Mon 13 May 2013
In honor of Mother’s Day, the Oakland Urban Paths walk on Saturday trekked through Oakland and Piedmont, and included a stop in the Morcom Rose Garden where celebrations for the Oakland Mother of the Year Award were going on. About 35 people and 5 dogs joined us for an unexpectedly warm walk on stairways in Lakeshore, Grand Lake, and Piedmont.
We met in Mandana Plaza to begin the walk, then headed up Lakeshore Avenue. At our first stairway, Paul talked about the Key System and how many of the stairways and pathways around Oakland were built to give people in the neighborhoods better access to the streetcars. The different lines of the Key System were assigned letters and unique symbols so that riders could see which train was coming from a distance.
I pointed out a cast-iron lamp on the stairway which has a lot of history in a little stamp near the base. The lamp was made by the Joshua Hendy Iron Works. The company was originally based in San Francisco and later Sunnyvale. They manufactured mining equipment, valves and control gates for such projects as Hoover Dam, but were probably best known for manufacturing marine engines for hundreds of Liberty ships during WWII.
Our wanderings took us up and down more stairs, past lots of gardens, flowers and lovely homes, and eventually into Piedmont. And then right back into Oakland. In an OUP first, we got to tour one of the gardens, thanks to Tim and Chris (who is on the Walk Oakland Bike Oakland board). They graciously invited us in to see their garden, which is full of native plants with a particular eye to attracting wild bees. Their cat was understandably less pleased about the presence of the dogs in our group. Tim didn’t have time to talk about it while we were there, but the garden also features a gray water system as well as a barrel for rainwater collection.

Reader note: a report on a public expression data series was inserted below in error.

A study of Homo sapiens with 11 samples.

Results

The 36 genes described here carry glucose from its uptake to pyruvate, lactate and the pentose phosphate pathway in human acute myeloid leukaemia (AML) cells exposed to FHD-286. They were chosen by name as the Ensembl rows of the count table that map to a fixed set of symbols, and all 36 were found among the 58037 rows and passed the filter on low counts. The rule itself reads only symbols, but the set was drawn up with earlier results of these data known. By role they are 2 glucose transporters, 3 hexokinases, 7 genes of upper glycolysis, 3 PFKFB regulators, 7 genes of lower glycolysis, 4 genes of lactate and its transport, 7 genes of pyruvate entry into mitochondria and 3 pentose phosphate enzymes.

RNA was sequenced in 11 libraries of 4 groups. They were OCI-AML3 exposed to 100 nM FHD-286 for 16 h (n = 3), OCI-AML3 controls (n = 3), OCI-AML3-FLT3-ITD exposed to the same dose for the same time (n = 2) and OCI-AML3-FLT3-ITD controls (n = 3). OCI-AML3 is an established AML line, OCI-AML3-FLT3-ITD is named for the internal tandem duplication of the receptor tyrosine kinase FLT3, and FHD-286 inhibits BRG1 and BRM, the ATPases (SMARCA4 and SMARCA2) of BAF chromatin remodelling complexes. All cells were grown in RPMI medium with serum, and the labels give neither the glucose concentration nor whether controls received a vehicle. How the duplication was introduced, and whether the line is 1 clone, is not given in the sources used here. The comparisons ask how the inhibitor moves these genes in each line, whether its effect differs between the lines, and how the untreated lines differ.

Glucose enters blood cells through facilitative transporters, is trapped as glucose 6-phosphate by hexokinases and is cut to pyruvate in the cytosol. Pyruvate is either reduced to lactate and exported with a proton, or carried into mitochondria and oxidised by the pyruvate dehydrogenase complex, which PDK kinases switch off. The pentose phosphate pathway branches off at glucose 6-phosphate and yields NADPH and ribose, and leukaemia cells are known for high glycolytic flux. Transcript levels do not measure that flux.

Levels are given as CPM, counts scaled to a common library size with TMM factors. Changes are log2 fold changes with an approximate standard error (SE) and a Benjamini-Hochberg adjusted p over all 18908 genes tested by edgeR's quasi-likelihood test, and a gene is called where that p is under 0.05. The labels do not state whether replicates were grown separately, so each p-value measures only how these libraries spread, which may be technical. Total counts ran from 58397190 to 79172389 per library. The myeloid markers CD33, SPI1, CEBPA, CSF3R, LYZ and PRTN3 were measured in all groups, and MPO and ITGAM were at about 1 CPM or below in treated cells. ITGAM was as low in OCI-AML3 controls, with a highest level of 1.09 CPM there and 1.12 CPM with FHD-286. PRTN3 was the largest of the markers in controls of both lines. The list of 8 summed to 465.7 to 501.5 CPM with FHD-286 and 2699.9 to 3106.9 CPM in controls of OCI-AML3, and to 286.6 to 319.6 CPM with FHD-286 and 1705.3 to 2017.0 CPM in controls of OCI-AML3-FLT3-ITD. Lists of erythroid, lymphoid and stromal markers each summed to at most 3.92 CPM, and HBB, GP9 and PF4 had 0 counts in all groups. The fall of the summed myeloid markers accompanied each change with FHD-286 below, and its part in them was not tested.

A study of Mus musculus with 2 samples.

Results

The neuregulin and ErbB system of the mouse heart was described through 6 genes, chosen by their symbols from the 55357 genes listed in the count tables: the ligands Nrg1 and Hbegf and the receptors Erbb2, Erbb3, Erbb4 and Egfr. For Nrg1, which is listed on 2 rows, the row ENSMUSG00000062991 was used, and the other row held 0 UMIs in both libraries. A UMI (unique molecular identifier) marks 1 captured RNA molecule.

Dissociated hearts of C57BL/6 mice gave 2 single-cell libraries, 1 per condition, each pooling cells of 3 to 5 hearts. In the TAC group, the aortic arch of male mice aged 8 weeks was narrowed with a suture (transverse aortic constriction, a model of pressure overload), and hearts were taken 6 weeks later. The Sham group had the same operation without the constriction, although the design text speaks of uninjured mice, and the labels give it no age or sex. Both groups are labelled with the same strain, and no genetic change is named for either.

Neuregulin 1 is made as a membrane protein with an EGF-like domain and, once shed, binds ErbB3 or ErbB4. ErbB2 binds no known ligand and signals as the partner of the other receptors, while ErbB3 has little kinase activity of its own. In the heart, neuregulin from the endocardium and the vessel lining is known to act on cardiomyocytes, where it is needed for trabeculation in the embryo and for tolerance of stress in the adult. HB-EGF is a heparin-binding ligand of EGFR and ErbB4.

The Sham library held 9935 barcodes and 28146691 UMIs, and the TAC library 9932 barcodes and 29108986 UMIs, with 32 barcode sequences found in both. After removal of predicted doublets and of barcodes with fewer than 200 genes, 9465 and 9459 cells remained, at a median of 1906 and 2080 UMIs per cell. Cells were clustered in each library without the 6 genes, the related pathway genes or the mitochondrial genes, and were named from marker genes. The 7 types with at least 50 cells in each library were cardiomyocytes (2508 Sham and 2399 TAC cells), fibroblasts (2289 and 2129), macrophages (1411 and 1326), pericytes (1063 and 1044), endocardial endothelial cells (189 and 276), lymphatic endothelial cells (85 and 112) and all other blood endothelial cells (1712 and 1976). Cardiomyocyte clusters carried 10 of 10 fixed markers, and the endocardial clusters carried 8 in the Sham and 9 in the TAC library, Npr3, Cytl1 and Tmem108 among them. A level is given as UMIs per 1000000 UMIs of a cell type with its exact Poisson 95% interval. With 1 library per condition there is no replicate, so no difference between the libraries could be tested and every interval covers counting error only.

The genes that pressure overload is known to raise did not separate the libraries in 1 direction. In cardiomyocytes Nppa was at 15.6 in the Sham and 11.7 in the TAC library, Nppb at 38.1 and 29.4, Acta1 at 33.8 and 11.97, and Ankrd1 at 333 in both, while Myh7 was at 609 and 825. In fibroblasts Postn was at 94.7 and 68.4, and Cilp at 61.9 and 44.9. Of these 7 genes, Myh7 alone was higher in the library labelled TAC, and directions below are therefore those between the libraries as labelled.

Then it was back into Piedmont, and time for some confusion. When I tested the walk route, I didn’t go through Tim and Chris’ yard, but took a slightly different route around to the next point. As a result, I wasn’t able to help when there were doubts about where to go on the route next. Things got more interesting because I got my bearings and proceeded to tell some people where the correct route was, and that while most of the group had backtracked a bit, we’d meet up shortly. So, about that… We backtracked further than I’d expected, so we didn’t rejoin the people I’d directed down the correct route. After a bit of running around, I found the sub-group and lead them on to the rose garden where we rejoined the main group.
At the Morcom Rose Garden there were ceremonies for the Oakland Mother of the Year Award. It’s been given annually since 1954, to honor people in the community who “symbolize the finest traditions of ‘motherhood’.” This year’s winner is Annalee Allen, who writes a history column for the Oakland Tribune and also leads the city of Oakland’s downtown walking tours program. I ran into lots of folks from the Oakland Heritage Alliance who were there to celebrate Annalee’s award, as well as Robert Raburn of the BART board. Mayor Jean Quan and councilmember Lynette Gibson McElhaney were there, too.
After we left the rose garden, we climbed up Jean Street so we could descend some stairs down to Grand Avenue. After crossing Grand, we admired the mural at the foot of the Davidson stairs, then climbed up the stairs to Vernon Street. There we viewed the back of the Grand Lake Theater sign, and Paul told us a bit about that. The sign has 2,800 colored bulbs, and is the largest rotary contact sign west of the Mississippi. The light sequence is controlled by a device not unlike a music box.
Then we descended back to our starting point on Lakeshore Avenue. Another great walk—thanks to Paul for leading it, and to Tim and Chris for letting us tour their garden. And thanks to everyone and everywoof who came out for the walk. The next walk will be Saturday, June 8th at 10am. The walk is still being finalized, but will likely be along the waterfront. Hope to see you out there!